Up 75% This Year With More Room To Run - InvestingChannel

Up 75% This Year With More Room To Run

Proprietary Data Insights

Top Software Application Stock Searches This Month

Rank Name Searches
#1 Uber 40,081
#2 Salesforce.com 38,229
#3 Shopify 37,020
#4 Crowdstrike Holdings 28,279
#5 Riot Blockchain 22,756

It’s the most searched software application stock among investors in Trackstar, blowing away its direct competitor by more than 29,300 views. It has also been one of The Juice’s top stock picks since 2022. And we’re still bullish

Uber (UBER) doesn’t just generate more investor interest than Lyft (LYFT). It also produces superior returns. YTD, Uber is up approximately 75% compared to Lyft’s meager 3.5% or so increase. 

A look back in The Juice’s archives (you can access all past newsletters here) confirms we first suggested buying Uber shares in October, 2002. Since then they’re up nearly 62%. Over the last year, UBER has increased in value by roughly 106%. Over the same periods, LYFT is down about 12% and 9%, respectively. 

What made us go with Uber over Lyft? And why did we – so far – turn out to be right?  

It comes down to one word – ecosystem

Uber is aggressively building out an impressive and comprehensive ecosystem. Relative to Uber, Lyft simply is not. 

Yes, Uber loses money (a net loss of more than $9.1 billion in 2022 and $157 million in Q1 of this year). However, that doesn’t matter much. And it’s not only because these losses appear on track to decrease as revenue and other growth metrics continue to rise. 

It’s also because, as we noted the other day, the stock market is forward looking. Investors value stocks, especially tech stocks, on the basis of what they’re building. On the things they expect them to do tomorrow, based on the groundwork they’re laying today. 

Along with another one of our top picks, DoorDash (DASH), which is up about 68% YTD, Uber is following in the footsteps of Amazon.com (AMZN) in two ways. 

One, on the ecosystem front, which we’ll expand on in a second. And, two, from the forward-looking valuation perspective. 

If you’ve been following tech stocks for more than a minute, you know Amazon bears spent the better part of the last 15 years (or more) decrying the company for its lack of profits. Long-time AMZN bulls laughed all the way to the bank. Because they didn’t value AMZN on traditional profitability metrics (which came along in due time anyway), they valued AMZN on the ecosystem it was building. 

Much like Uber. 

Like Amazon and now DoorDash, Uber wants to touch consumers in multiple ways, multiple times a week or even day. And they want to touch them in areas that are part of special routines. So it creates partnerships with companies, allowing them to sell their services via the expansive Uber app.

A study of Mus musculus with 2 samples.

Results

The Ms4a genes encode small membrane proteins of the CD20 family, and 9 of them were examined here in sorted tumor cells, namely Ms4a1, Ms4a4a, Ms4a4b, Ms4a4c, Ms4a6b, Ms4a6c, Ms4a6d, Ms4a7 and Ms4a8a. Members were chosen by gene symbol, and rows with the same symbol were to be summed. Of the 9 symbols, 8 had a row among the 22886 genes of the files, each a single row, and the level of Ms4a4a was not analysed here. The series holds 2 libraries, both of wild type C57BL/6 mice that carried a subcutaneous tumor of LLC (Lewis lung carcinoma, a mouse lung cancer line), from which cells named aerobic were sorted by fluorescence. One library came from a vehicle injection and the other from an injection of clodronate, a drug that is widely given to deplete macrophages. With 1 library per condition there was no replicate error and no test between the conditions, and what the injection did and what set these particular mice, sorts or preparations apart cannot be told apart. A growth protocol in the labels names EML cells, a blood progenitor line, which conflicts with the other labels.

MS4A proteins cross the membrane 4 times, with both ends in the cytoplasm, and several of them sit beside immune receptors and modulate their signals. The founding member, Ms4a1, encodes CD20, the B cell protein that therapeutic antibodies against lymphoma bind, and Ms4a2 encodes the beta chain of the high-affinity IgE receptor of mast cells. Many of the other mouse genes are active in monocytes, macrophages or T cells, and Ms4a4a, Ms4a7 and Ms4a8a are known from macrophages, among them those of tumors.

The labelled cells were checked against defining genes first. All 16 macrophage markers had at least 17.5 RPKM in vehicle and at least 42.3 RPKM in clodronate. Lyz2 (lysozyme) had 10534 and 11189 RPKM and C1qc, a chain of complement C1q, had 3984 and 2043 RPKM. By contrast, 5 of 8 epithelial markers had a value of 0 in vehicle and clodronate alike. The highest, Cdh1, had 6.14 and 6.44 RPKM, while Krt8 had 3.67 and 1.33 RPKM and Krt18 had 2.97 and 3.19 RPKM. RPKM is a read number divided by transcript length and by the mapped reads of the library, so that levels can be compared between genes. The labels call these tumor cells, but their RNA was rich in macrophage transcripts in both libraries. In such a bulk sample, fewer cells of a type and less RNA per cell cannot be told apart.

Case in point, a recent deal with Domino’s Pizza (DPZ), making Uber Eats and Uber-owned Postmates, its exclusive third-party delivery partner. Earlier in the year, Uber cut a similar deal with Little Caesars. 

There’s no better way to become a part of a consumer’s life than to help them facilitate pizza night. Uber does this sort of thing via partnerships across industries. 

There’s so much synergy across the Uber platform. 

Between rideshare, Uber Eats and the company’s burgeoning advertising business, each Uber’s different businesses build on one another, working in concert to make its app a one-stop shop for consumers. A lot like Amazon. 

If you’re a long-term investor with your foundational bases covered (such as broad market ETF investing and diversification in your favorite sectors), it might make sense to include a handful of non-dividend paying, growth-oriented names with compelling long-term stories. Specifically UBER and DASH. Dollar cost average into these stocks with regular weekly, bi-weekly or monthly investments. Let time and execution do the rest. 

Of course, you need a decent appetite for risk and, we stress, a long-term time horizon, because there are no guarantees and there will be missteps along the way. 

The Bottom Line: We haven’t seen a more impressive consumer-centric ecosystem in tech since Apple (AAPL) and Amazon. What Uber is doing is truly special. And, like Amazon, it could turn out that its “side” business ends up getting more headlines than its core rideshare and delivery businesses. Of course, Amazon turned heads with Amazon Web Services, which generated about $80 billion in revenue and $23 billion in profit in 2022. 

Uber is on record as saying it expects its ads business to hit $1 billion in revenue by 2024. 

Uber is in the early innings of its multi-faceted growth story. 

The company reports Q2 earnings on August 1st. The Juice will listen to the conference call and report back with the most pertinent details.